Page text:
Under Armour Diversity Series: Tammy Cook-Searson
Cook-Searson has put her big dreams on pause to help others in her local communityPhoto by: Megan Heyhurst Photography
Tammy Cook-Searson is tough.
Growing up on a trapline in northern Saskatchewan, her parents taught her survival skills and impressed upon her the need to be prepared for every eventuality. They also taught her the importance of helping those in need — a mentality that attracted Cook-Searson to band politics when she was in her 20s.
She ran for a Lac La Ronge Indian Band council position for the first time in 1995 when her uncle nominated her at the last minute. She lost that race, but ran again two years later — while breastfeeding her two-month-old daughter — and won by three votes. In 2005, she became the community’s first woman chief. “I see it as a role for helping people, of being there in times of need and also advocating for things you want to see in the community,” she says.
On top of being chief, Cook-Searson is president of Kitsaki Management, a multi-million-dollar corporation that manages the band’s economic development activities, and a Canadian Ranger who assists in search and recovery operations when people go missing in the rugged and remote wilderness of northern Saskatchewan she calls home.
Despite her busy schedule — and as a means of de-stressing from her demanding work — Cook-Searson runs.
Now, 50, Cook-Searson started running in her early 30s when a friend encouraged her to give the sport a try. At first, Cook-Searson couldn’t run a kilometre. Now her personalized license plate proclaims I <3 RUN. She’s run four marathons (with a personal best time of 4:18), an ultra-marathon and many shorter road races. She started working with a coach a decade ago and dreams of one day qualifying for the Boston Marathon.
But setting and chasing big running goals isn’t just about nabbing a BQ. It’s also a way for Cook-Searson to set a good example for her community.
“It’s important for us to model a healthy lifestyle,” she says. “When you’re running regularly or exercising regularly, it helps with your mental health, and it also helps with your physical health and emotional health, so you’re able to balance a lot better.”
Promoting mental health and wellness is one of Cook-Searson’s passions. Since 2006 she has been a driving force behind coordinating logistics and securing funding for a wellness and recovery centre in La Ronge. When completed early in the new year, the $16-million facility will blend western therapeutic treatment with traditional Woodland Cree teachings.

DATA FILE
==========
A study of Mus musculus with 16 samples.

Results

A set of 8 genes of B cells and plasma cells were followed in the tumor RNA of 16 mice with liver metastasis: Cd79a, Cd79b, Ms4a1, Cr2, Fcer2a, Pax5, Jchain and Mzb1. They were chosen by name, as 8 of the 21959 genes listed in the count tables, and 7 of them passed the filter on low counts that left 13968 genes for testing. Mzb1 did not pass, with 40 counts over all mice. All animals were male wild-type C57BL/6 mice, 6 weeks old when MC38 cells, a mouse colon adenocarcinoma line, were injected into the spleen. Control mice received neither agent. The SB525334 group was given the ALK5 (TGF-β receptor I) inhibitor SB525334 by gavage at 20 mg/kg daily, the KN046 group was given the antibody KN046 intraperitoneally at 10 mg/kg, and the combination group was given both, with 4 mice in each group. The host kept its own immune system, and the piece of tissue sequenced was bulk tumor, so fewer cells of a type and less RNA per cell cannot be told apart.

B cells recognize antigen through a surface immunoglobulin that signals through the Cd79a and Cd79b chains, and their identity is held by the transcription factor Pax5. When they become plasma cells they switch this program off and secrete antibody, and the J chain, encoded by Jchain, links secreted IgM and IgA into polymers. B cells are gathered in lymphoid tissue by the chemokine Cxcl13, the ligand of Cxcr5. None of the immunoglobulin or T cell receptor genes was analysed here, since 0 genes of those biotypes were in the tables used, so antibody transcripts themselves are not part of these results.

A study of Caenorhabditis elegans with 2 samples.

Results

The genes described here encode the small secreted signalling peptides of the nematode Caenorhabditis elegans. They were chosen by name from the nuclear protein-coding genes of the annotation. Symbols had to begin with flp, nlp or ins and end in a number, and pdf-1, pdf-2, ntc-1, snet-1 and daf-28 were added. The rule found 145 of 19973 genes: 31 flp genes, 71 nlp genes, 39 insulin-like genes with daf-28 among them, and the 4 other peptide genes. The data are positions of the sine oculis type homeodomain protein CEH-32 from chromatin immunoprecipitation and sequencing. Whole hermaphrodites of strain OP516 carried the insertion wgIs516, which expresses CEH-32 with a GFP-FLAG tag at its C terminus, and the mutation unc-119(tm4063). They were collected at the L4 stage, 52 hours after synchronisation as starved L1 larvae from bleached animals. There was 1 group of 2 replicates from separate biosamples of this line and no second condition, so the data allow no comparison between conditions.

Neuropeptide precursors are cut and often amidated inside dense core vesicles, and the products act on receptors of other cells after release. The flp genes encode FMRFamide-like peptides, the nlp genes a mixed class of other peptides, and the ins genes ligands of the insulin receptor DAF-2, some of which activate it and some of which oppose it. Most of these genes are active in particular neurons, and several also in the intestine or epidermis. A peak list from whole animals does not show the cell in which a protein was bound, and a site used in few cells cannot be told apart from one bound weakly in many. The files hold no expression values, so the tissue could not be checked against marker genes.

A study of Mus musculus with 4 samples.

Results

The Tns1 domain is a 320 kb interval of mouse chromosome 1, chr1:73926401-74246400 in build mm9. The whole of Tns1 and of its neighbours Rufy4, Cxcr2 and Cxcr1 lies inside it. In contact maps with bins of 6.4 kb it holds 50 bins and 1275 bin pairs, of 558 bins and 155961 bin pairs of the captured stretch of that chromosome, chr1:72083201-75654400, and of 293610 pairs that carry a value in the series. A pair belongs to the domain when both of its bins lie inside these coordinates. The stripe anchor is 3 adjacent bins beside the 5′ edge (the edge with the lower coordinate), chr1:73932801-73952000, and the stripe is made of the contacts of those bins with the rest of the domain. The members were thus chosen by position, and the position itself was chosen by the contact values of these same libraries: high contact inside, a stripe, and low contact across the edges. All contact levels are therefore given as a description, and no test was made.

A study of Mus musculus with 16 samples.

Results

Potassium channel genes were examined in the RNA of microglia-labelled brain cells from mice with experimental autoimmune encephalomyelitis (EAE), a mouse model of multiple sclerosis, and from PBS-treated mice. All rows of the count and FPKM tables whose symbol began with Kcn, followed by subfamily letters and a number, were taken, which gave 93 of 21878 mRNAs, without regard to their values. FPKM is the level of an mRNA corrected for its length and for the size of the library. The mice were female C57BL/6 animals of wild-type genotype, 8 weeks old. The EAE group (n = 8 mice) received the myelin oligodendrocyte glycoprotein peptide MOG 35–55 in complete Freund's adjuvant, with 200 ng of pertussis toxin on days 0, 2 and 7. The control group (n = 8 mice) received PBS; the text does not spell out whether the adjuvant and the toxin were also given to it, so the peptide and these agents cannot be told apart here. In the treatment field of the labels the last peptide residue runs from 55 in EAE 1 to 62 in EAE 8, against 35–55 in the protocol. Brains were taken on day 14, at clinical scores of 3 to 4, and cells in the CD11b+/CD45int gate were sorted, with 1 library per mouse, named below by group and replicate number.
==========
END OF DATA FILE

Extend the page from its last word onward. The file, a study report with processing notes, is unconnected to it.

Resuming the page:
Cook-Searson knows first-hand how important such a centre is. Her older sister died by suicide in 2003 — which Cook-Searson believes could have been prevented if there had been more resources in northern Saskatchewan to support people struggling with their mental health.
“It’s my baby,” Cook-Searson says of the centre. “It’s going to make a difference within our communities in northern Saskatchewan.”
Cook-Searson’s coach, Saskatchewan marathon record holder Jason Warick, says she is the busiest person he knows and regularly texts him at midnight or later to tell him she’s just completed a workout. “She’s going out there by herself in northern Saskatchewan, sometimes in 30 or 40 degrees below zero, for an hour’s run,” he says. “And it’s just incredible the resolve that she has to meet her running goals.”
The Lac La Ronge Indian Band encompasses 19 reserve lands and six communities with a membership of just over 11,000 people. The band employs more than 850 people between all its programs and services. “A lot of times when people call the band office, I think they envision a one-room office that just takes calls, but we’re so much bigger than that,” Cook-Searson says. “It’s a complex organization and very diverse.”
The responsibilities that come with overseeing such an operation are immense. Sometimes “life happens,” and Cook-Searson needs to put her running on hold. Notably, Cook-Searson was in the best shape of her life when she dropped out of the Las Vegas Rock ‘n Roll Marathon in 2015 because forest fires were threatening her community. Instead of continuing with her training, she assisted with evacuations and served as the public face of the emergency operations team.
That willingness to sacrifice big dreams to help others is one of the qualities Warick admires most about Cook-Searson. “Very rarely has she been able to stick to a seasonal plan, but it’s not because of lack of commitment, or toughness,” he says. “It’s because other things come up — and then she shows the toughness by getting back on track.”
As part of the Under Armour Diversity Series give-back program, Under Armour will make a $5,000 donation to help support Tammy’s initiatives in her local community. We look forward to helping and seeing what Tammy sets out to do in 2022/2023. Be sure to follow Canadian Running for updates on how the UA Diversity Series program is helping Tammy’s and our other UA Diversity Series athletes’ local communities.
Andrea Hill is a marathon runner who works for Postmedia News in Ottawa.